The US Citizenship and Immigration Services will accept applications to comply with a recent court order, but will work concurrently to publish rules to rescind the program entirely. 

The US Citizenship and Immigration Services (USCIS) announced on December 14 that it will take steps to implement the International Entrepreneur Rule (IER) in compliance with a December 1 ruling from the US District Court for the District of Columbia. In National Venture Capital Association v. Duke, the court vacated a July 11, 2017 rule implemented by the US Department of Homeland Security (DHS) that had delayed the IER’s effective date until March 14, 2018, to ensure compliance with Executive Order (EO) 13767. This EO directed the DHS to ensure parole authority is exercised only on a case-by-case basis and only when the applicant demonstrates urgent humanitarian reasons or a significant public benefit.

Under the current rule, qualified applicants may be granted parole in the United States on a discretionary basis if they can demonstrate that they

  • possess a substantial ownership interest (at least 10%) in a start-up entity created within the past five years in the United States that has substantial potential for rapid growth and job creation;

  • have a central and active role in the start-up entity such that they are well-positioned to substantially assist with the growth and success of the business;

  • will provide a significant public benefit to the United States based on their role as an entrepreneur of the start-up entity by showing that

    • the start-up entity has received a significant investment of capital from certain qualified US investors with established records of successful investments;

    • the start-up entity has received significant awards or grants for economic development, research and development, or job creation (or other types of grants or awards typically given to start-up entities) from federal, state, or local government entities that regularly provide such awards or grants to start-up entities; or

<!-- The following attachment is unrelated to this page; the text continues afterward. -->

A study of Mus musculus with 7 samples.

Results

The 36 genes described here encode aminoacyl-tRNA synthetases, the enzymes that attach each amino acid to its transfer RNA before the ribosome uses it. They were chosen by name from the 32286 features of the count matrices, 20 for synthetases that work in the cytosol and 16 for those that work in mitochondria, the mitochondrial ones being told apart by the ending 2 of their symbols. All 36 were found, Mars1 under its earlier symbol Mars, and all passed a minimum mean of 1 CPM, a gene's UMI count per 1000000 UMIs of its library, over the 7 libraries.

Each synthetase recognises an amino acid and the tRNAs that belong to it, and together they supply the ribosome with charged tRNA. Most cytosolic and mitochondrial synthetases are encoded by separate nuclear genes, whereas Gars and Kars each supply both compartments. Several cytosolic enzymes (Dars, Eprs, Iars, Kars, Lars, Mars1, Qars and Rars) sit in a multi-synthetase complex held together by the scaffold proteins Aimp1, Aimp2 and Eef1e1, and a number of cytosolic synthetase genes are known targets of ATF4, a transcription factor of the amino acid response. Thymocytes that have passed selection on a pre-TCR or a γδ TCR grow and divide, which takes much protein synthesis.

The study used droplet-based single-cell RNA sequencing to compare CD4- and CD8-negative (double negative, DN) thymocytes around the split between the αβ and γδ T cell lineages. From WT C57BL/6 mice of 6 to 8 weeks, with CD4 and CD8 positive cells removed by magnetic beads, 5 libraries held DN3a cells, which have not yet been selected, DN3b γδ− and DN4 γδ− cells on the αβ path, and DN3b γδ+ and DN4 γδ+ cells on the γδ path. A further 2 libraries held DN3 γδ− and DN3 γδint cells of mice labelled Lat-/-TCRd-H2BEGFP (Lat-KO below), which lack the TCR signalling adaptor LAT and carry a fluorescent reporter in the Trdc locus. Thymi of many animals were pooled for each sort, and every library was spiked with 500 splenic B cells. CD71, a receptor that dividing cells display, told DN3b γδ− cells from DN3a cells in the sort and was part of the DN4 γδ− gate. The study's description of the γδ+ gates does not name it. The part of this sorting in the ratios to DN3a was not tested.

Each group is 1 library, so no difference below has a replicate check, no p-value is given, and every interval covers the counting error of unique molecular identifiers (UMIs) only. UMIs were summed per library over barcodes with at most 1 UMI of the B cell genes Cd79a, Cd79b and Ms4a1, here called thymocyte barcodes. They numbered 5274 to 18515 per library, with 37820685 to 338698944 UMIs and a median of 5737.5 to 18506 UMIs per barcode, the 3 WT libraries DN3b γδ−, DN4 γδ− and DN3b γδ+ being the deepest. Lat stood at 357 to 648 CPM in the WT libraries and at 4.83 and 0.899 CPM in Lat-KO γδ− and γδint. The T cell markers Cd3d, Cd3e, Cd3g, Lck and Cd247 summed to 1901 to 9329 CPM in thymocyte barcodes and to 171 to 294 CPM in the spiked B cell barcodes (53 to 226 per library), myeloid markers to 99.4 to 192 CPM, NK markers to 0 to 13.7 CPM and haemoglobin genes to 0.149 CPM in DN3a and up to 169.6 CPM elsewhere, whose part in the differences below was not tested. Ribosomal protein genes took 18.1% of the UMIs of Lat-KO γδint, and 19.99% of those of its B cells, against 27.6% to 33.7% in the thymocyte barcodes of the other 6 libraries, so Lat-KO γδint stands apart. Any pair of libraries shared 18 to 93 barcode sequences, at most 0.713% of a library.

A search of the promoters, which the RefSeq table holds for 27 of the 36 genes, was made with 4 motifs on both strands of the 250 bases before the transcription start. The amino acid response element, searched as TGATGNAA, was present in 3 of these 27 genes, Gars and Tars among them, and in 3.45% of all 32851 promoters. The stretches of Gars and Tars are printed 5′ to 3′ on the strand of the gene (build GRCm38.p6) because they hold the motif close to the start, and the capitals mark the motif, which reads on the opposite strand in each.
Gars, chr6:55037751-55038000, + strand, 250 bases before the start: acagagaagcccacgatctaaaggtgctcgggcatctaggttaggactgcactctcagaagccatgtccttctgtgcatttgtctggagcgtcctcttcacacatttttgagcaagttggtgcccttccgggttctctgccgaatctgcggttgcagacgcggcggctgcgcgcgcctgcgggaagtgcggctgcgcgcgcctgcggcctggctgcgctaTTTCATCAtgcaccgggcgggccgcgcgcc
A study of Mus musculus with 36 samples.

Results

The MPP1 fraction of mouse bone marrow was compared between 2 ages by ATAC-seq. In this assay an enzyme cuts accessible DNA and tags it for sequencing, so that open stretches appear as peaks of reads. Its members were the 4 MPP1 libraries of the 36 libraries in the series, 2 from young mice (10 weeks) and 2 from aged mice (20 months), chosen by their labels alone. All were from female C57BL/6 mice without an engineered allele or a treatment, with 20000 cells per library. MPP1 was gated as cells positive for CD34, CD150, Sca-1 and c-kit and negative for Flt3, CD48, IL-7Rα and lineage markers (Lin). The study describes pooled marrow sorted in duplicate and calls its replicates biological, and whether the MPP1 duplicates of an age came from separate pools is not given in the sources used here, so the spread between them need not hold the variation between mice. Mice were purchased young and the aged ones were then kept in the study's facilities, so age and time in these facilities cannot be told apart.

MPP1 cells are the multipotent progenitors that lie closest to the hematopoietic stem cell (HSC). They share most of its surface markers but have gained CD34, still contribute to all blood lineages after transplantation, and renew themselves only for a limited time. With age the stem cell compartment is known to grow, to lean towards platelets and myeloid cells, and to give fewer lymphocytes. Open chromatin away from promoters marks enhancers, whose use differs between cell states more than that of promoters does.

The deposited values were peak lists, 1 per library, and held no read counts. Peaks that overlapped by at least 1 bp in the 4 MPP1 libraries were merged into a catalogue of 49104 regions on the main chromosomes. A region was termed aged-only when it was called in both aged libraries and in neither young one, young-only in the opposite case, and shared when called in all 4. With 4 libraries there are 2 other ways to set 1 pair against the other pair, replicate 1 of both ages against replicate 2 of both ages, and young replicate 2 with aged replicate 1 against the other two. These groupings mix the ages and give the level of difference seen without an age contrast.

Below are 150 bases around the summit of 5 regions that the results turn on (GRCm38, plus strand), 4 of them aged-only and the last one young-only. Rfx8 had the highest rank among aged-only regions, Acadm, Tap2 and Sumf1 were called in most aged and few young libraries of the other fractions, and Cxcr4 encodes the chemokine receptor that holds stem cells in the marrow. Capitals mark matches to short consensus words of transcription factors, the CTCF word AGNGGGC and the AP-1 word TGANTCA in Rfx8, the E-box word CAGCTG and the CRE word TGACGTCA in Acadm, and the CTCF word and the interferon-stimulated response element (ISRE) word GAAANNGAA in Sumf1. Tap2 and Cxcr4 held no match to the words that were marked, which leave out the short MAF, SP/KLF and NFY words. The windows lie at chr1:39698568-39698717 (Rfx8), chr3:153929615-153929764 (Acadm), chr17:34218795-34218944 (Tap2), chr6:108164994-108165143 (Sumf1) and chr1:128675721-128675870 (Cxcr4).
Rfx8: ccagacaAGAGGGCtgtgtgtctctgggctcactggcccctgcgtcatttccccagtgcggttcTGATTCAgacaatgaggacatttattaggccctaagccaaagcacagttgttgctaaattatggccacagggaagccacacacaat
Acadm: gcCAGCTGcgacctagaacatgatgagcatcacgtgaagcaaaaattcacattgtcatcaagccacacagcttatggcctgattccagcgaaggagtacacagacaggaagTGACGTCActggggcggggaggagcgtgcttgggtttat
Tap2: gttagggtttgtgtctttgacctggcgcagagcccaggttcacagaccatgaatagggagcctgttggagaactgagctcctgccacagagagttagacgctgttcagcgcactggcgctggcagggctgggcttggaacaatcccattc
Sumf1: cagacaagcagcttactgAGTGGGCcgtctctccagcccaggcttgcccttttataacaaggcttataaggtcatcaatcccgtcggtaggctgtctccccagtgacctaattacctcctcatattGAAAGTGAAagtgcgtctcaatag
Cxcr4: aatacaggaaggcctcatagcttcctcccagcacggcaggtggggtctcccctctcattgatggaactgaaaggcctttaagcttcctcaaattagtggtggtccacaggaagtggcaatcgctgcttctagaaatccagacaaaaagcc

• they partially meet either or both of the previous two requirements and provide additional reliable and compelling evidence of the start-up entity’s substantial potential for rapid growth and job creation.

  • otherwise merit a favorable exercise of discretion.

Applicants must first file Form I-941, Application for Entrepreneur Parole, with the required filing fee of $1,200 (including an additional $85 biometric services fees), and supporting documentary evidence that demonstrates eligibility under the above criteria. If this application is approved, the entrepreneur must then visit a US consulate abroad to obtain proper travel documentation before appearing at a US port of entry for a final parole determination. Eligible applicants may be granted an initial period of parole of up to 30 months, with the possibility to extend the period by up to 30 additional months. Parole under the IER program is limited to three entrepreneurs per start-up entity.

Although USCIS will accept Form I-941 to comply with the December 1 ruling, it remains to be seen how these applications and subsequent requests for parole will be adjudicated given the discretionary nature of parole and the administration’s stated goal of revoking the IER program through additional rulemaking.

Copyright © 2020 by Morgan, Lewis & Bockius LLP. All Rights Reserved.National Law Review, Volume VII, Number 353


About this Author

Eleanor Pelta, Morgan Lewis, Immigration Lawyer

A recognized leader in immigration and nationality law, Eleanor Pelta counsels clients on legal and strategic issues arising from the international movement of key personnel, from the individual transfer of high-ranking executives to high-volume transfers of expert staff. Her experience includes the use of blanket visa programs and the qualification of companies as “treaty investor” or “treaty trader” entities. Additionally, Eleanor counsels businesses on the immigration implications of corporate changes, such as mergers, acquisitions, downsizings, reductions in force,...

A James Vazquez-Azpiri, Morgan Lewis, employment attorney

A. James Vázquez-Azpiri counsels corporate clients on hiring and retaining foreign employees in his business immigration law practice. He advises businesses on labor certifications, specialty occupation petitions, and intracompany transfers. Clients rely on James for guidance through immigration law compliance during mergers, acquisitions, and corporate restructurings. He helps clients think and work proactively by providing them with traditional compliance policy reviews and audits, case management and litigation technology, and international executive travel and foreign resident worker visa processing.